Hamlin confident it's his time

FORT WORTH, Texas -- Denny Hamlin turns 30 on Nov. 18, three days before the 2010 Sprint Cup championship is decided. This is his fifth Cup season.

Is now the right time to get it done?

"I don't know that my biological clock is ticking," Hamlin said, which brought a hearty laugh from the reporters listening at his hauler. "I have a few good years left. If we get it this year, it would be sooner than I expected and younger in age that I would expect."

Sooner is looking pretty good. Hamlin trails Jimmie Johnson by only 14 points heading into the AAA Texas 500 on Sunday.

Winning a first Cup title near the 5/30 mark has happened several times over the years:

• Johnson: fifth season, age 31 (2006).

Tony Stewart: fourth season, 31 (2002).

Matt Kenseth: fourth season, 31 (2003).

Rex White: fifth season, 31 (1960).

So historically speaking, Hamlin is in the prime spot for his first Cup crown.

"This is my fifth year in Cup, but I was racing in late-models six years ago," Hamlin said. "I didn't have years and years of Nationwide experience that some of these guys had before they got to the Cup level.

"So I'm still relatively new to this, and that's why I think I've gotten better every year. There's no sense of urgency that I need to get it done this year. The best probably is still yet to come as far as my potential."

Don't get the wrong idea. Hamlin isn't waiting around thinking he'll let things come to him. He's going for it now.

"What do I have to lose?" he asked Friday. "Fall back to third in points? Third or second, no different."

Hamlin is 24 points ahead of Harvick in third, but 193 points ahead of Jeff Gordon in fourth with three races to go. Hamlin believes it's too late to play it safe.

"The risk is smaller than the reward that's out there," he said. "So I'm really not worried about making a mistake. I worried about if we're going to be fast enough to win a championship.

"We're in a position where we can win it if we really get aggressive in the sense of pit calls or things like that."

Hamlin feels good about his chances Sunday because Texas Motor Speedway is where he won when he barely could walk in April. Hamlin won at TMS two weeks after having knee surgery to repair a torn ACL.

"I felt that was a turning point in my season," Hamlin said. "It was winning against all odds pretty much, at a track where we never had won. It seems like it was such a momentum boost for our team. We went on a roll after that and don't really know why."

Hamlin won three of the next seven races after Texas, proving he could get the job done on one good leg. The knee is almost 100 percent now.

Some people questioned whether Hamlin was making the right decision to have major knee surgery in the middle of the season. Hamlin now knows it was the right thing to do.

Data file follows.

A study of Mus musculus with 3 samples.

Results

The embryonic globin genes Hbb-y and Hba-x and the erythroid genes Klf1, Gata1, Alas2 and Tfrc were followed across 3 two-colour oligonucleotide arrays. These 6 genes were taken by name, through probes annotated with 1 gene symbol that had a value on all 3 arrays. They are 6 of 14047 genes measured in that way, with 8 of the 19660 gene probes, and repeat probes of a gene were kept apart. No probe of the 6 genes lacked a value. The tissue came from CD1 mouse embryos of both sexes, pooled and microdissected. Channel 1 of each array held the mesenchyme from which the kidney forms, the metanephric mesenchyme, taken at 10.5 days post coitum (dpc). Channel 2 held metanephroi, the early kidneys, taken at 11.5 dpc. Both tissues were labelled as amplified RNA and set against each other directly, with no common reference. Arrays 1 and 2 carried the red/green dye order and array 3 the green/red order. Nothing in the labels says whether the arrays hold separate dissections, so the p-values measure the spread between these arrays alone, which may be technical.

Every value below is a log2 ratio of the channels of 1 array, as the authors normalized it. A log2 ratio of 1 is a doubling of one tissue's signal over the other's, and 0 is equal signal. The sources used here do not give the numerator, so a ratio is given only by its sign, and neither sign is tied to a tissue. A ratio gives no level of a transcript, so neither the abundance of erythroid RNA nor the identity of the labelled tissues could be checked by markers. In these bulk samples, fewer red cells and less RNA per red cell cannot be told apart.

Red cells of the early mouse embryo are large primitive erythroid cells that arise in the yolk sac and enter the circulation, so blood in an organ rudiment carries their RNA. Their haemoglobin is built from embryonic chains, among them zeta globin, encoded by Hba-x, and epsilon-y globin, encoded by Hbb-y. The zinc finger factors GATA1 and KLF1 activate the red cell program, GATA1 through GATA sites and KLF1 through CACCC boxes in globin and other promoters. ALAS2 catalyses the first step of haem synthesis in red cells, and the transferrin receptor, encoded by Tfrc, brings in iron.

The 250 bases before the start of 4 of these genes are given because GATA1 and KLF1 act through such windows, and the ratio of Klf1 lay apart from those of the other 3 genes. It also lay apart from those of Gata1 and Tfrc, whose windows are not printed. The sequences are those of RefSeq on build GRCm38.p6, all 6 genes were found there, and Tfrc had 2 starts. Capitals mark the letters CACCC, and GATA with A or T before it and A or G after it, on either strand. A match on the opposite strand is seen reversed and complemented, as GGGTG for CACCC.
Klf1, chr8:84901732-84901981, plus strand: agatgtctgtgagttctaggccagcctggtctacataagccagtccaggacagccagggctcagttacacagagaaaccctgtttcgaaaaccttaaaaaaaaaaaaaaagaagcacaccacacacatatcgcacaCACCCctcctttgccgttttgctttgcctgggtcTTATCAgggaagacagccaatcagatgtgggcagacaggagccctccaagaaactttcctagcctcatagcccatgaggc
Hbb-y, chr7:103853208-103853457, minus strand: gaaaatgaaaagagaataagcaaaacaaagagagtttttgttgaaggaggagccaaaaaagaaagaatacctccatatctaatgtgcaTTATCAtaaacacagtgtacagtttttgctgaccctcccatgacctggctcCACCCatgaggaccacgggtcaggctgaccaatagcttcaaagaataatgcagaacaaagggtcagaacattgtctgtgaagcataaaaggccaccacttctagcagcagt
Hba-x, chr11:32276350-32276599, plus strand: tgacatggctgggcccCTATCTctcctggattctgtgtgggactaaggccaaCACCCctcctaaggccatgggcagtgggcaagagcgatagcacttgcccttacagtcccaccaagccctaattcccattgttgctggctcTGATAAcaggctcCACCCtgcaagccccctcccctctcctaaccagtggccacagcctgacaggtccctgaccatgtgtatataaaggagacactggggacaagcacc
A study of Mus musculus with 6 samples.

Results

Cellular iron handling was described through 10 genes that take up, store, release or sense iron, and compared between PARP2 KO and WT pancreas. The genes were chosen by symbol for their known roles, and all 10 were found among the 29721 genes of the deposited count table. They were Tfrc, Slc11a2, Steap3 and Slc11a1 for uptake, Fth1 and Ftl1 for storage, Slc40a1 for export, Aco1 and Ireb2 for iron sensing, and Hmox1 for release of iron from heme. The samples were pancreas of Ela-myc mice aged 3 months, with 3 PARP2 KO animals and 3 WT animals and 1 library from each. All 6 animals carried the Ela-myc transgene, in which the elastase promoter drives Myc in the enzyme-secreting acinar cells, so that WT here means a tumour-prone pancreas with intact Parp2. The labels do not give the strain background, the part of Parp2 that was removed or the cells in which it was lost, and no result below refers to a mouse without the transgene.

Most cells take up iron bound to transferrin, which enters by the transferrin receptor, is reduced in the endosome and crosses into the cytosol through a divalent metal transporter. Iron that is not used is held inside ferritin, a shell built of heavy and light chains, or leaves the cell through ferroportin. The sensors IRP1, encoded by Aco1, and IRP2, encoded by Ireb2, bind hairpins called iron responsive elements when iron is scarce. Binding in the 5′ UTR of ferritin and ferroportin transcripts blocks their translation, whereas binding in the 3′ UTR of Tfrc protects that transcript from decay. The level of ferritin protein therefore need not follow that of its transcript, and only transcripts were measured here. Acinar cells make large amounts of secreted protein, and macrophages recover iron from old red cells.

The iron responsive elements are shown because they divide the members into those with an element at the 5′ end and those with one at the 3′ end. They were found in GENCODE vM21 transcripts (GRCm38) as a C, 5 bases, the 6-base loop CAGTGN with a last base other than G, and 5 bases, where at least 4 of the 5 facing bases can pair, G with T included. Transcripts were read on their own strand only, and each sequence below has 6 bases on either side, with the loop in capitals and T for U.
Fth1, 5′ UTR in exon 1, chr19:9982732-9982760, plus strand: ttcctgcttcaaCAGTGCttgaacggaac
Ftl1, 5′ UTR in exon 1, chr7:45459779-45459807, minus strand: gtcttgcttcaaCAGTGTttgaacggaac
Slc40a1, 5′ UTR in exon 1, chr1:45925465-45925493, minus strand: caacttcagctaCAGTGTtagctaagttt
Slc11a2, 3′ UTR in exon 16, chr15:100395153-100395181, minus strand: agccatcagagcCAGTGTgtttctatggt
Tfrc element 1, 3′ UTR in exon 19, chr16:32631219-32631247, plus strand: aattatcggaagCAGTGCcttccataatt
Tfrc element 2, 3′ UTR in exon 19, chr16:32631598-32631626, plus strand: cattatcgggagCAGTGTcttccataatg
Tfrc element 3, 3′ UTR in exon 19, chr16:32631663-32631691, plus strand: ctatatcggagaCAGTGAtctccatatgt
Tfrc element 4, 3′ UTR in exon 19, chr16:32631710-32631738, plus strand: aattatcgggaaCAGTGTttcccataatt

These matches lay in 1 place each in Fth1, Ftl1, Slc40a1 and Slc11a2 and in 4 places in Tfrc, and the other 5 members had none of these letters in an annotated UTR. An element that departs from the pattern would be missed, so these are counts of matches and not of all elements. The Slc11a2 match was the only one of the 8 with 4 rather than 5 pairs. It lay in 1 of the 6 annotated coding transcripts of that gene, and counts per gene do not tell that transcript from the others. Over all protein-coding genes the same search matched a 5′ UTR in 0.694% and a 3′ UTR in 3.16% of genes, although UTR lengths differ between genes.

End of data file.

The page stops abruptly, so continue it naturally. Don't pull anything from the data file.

"I have plenty of things off the track that are keeping me busy," Hamlin said. "If I hadn't had the surgery and was sitting on the coach every day not able to do the active things I like doing, I would be more stressed and probably would have made a mistake by now."

None of the top three has made a major mistake yet. Hamlin doesn't think any of them will, which is why he believes he has to go all out for a win.

"We need to win or finish in the top three," Hamlin said. "We know if we win the race, we're guaranteed to leave here with the points lead. That's our goal. So from this point on we have to race a little more aggressive."

Hamlin says he's as relaxed as he has been all season because he likes the spot he's in as the pursuer.

"I still think it's tougher being the one being chased," Hamlin said.

Johnson had a lead of more than 180 points the two previous seasons coming to Texas.

"Not only does he not have a triple-digit lead over second, but also not over third," Hamlin said. "It's really two against one from his standpoint."

Johnson considers his task a simple one this time.

"This week has been really easy for me," Johnson said Friday. "Coming into Texas in other years was more of a defensive mode. It's all offense right now.

"I think I felt more pressure trying to defend something. The small margin that we have, it's really easy to know what I need to do. I need to win the race."

But Hamlin is under no illusion that Johnson is feeling pressure.

"I think he's racing just as relaxed as we are," Hamlin said. "He has already won four championships. This is just a bonus. For us, we're trying to get our first. So we may try a little harder in different spots than he will."

Johnson sees Hamlin in a different light than Harvick.

"In racing situations, both are very respectful," Johnson said. "But I would consider Denny more patient in some situations than Kevin. I've had great races with both of them."

Whatever happens, Hamlin said he's going to enjoy the ride.

"It's fun," he said. "The race fan in me is excited to see what happens the next three weeks. It's just who performs the best now."

Terry Blount is a senior writer for ESPN.com. His book, "The Blount Report: NASCAR's Most Overrated and Underrated Drivers, Cars, Teams, and Tracks," was published by Triumph Books and is available in bookstores. Click here to order a copy. Blount can be reached at terry@blountspeak.com.